Rover, The (2014)
Director: David Michod
Cast: Guy Pearce, Robert Pattinson, Scoot McNairy
Plot: 10 years after a global economic collapse, a hardened loner pursues the men who stole his only possession, his car. Along the way, he captures one of the thieves' brother, and the duo form an uneasy bond during the dangerous journey.
Genre: Crime / Drama
Awards: Official Selection (Cannes).
Rating: NC16 for language and some bloody violence.
IN RETROSPECT (Spoilers: NO)
“You should never stop thinking about a life you've taken. That's the price you pay for taking it.”
Robert Pattinson stars opposite Guy Pearce in this road movie that can be quite challenging to watch, and perhaps fulfilling in some way. Pearce plays a battle-hardened man whose car is stolen in front of his eyes by a trio of runaways. He gives chase in a brilliantly directed opening sequence, one of the year's best, until he can no longer give chase. Then Pattinson's aloof and wounded character comes into play and the aim is to find his brother who left him for dead, also incidentally one of the runaways.
The Rover is quite thin on plot, doesn't do a lot with its characters, and slowly-paced. It's not a film for everybody, and it takes a keen eye (and ear) to appreciate what director David Michod is trying to do here. He wants to evoke a sense of loss and quiet despair, of the mournful beauty of the vast, desolate Australian landscape.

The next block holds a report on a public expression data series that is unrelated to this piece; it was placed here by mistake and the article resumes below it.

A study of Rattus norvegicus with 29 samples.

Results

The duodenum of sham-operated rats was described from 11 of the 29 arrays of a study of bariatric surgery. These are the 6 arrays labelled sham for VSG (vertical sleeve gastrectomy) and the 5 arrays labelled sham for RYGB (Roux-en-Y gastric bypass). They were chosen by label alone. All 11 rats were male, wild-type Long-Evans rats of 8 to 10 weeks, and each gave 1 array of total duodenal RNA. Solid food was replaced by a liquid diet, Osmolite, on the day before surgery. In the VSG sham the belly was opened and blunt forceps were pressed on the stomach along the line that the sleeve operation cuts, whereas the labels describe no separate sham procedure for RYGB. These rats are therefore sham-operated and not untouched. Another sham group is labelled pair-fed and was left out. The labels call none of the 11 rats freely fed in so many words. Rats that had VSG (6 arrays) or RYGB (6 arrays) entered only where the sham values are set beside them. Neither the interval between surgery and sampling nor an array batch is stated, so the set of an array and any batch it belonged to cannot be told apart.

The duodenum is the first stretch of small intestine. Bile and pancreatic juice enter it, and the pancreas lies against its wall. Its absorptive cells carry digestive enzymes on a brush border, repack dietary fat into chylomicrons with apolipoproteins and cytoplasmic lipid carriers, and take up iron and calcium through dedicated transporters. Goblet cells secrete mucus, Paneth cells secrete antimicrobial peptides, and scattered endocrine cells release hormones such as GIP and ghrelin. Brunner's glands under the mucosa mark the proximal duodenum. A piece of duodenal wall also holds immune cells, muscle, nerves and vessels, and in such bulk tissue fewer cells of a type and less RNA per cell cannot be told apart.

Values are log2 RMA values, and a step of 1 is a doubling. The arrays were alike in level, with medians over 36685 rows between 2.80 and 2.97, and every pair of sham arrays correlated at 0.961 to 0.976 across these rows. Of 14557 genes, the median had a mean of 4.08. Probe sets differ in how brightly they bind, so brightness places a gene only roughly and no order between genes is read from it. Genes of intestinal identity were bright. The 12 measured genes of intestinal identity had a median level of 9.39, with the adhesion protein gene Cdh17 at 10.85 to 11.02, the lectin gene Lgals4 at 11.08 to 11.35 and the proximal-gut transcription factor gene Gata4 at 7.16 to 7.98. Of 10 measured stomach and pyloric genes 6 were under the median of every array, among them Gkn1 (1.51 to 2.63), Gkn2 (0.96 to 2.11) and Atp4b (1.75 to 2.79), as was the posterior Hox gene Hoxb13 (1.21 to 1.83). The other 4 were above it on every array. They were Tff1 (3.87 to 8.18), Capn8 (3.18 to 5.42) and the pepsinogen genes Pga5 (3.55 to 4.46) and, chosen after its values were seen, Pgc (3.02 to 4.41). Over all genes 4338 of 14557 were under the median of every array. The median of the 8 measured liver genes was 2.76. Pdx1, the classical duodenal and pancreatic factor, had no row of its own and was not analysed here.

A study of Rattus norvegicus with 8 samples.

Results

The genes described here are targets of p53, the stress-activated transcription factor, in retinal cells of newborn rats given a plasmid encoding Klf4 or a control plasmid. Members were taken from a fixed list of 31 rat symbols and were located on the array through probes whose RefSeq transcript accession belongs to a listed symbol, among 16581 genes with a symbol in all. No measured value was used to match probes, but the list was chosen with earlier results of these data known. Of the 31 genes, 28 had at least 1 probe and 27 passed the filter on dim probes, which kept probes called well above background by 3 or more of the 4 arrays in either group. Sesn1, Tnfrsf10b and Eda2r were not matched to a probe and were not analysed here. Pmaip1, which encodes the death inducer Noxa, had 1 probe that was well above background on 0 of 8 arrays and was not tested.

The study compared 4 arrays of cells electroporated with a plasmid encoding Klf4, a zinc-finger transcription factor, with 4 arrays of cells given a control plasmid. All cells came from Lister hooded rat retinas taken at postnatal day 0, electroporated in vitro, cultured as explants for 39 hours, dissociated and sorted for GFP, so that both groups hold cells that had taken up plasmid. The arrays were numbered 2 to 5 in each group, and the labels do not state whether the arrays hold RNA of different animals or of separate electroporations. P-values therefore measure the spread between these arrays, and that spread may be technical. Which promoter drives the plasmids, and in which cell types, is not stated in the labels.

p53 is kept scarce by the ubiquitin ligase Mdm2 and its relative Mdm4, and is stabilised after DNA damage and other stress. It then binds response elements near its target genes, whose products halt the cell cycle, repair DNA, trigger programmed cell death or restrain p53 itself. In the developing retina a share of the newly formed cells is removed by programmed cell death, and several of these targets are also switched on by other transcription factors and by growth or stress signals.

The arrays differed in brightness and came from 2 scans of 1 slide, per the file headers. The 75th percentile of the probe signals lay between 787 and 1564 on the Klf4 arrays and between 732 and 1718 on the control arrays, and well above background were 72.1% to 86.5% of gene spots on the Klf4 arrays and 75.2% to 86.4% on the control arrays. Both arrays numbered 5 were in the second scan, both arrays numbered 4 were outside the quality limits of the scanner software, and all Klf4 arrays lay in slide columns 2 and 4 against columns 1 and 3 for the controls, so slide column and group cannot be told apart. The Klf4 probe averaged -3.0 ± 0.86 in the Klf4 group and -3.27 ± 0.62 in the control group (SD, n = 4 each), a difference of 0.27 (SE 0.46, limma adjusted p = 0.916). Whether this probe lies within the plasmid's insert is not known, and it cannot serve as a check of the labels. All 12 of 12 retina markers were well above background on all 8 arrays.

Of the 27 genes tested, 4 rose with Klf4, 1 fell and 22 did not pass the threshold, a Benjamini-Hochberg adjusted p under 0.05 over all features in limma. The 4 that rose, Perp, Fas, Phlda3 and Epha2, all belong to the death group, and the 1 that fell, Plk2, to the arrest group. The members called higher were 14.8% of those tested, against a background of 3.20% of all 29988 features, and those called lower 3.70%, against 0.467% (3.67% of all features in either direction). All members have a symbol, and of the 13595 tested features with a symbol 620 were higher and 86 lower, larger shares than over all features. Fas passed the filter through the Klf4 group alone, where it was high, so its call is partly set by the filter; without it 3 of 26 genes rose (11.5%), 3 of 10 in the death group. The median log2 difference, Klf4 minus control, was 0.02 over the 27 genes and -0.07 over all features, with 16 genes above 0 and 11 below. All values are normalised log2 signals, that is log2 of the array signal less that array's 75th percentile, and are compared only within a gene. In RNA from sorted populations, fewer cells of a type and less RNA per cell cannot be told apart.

It is also a landscape of fear, ruled by a post-apocalyptic anarchy. But in essence, the landscape hasn't changed much, only the people. Money is useless; guns are useful. There's a mention of Sydney, but we never know what happened ten years ago. We are only aware at the start of the film that Australia had collapsed, perhaps economically, maybe more than that. Though I suspect the characters in Michod's film are living the better life – they control their destinies, even if they are violent destinies.
Michod, who previously made the acclaimed Animal Kingdom (2010), his first feature, and also the film that landed actress Jacki Weaver her first Oscar nomination, exhibits a directorial nous associated with filmmakers with a strong sense of cinematic form and style. Together with cinematographer Natasha Braier (The Milk of Sorrow, 2009), they make full use of location shooting and natural lighting brilliantly, capturing sometimes astonishing visuals.
In many ways, and this might seem strange, The Rover reminds me of P. T. Anderson’s There Will Be Blood (2007), not so much its epic scope and superior craftsmanship, but the eccentric marriage of sight and sound, in this case, of music. Composer Antony Partos channels his inner Jonny Greenwood in an unorthodox, sometimes disharmonious, score of haunting rhythms and moods. The end result is a film that demands appreciation, despite its flaws.
Verdict: Startlingly violent and seemingly bereft of hope, this post-apocalyptic road movie works as an evocation of loss and quiet despair.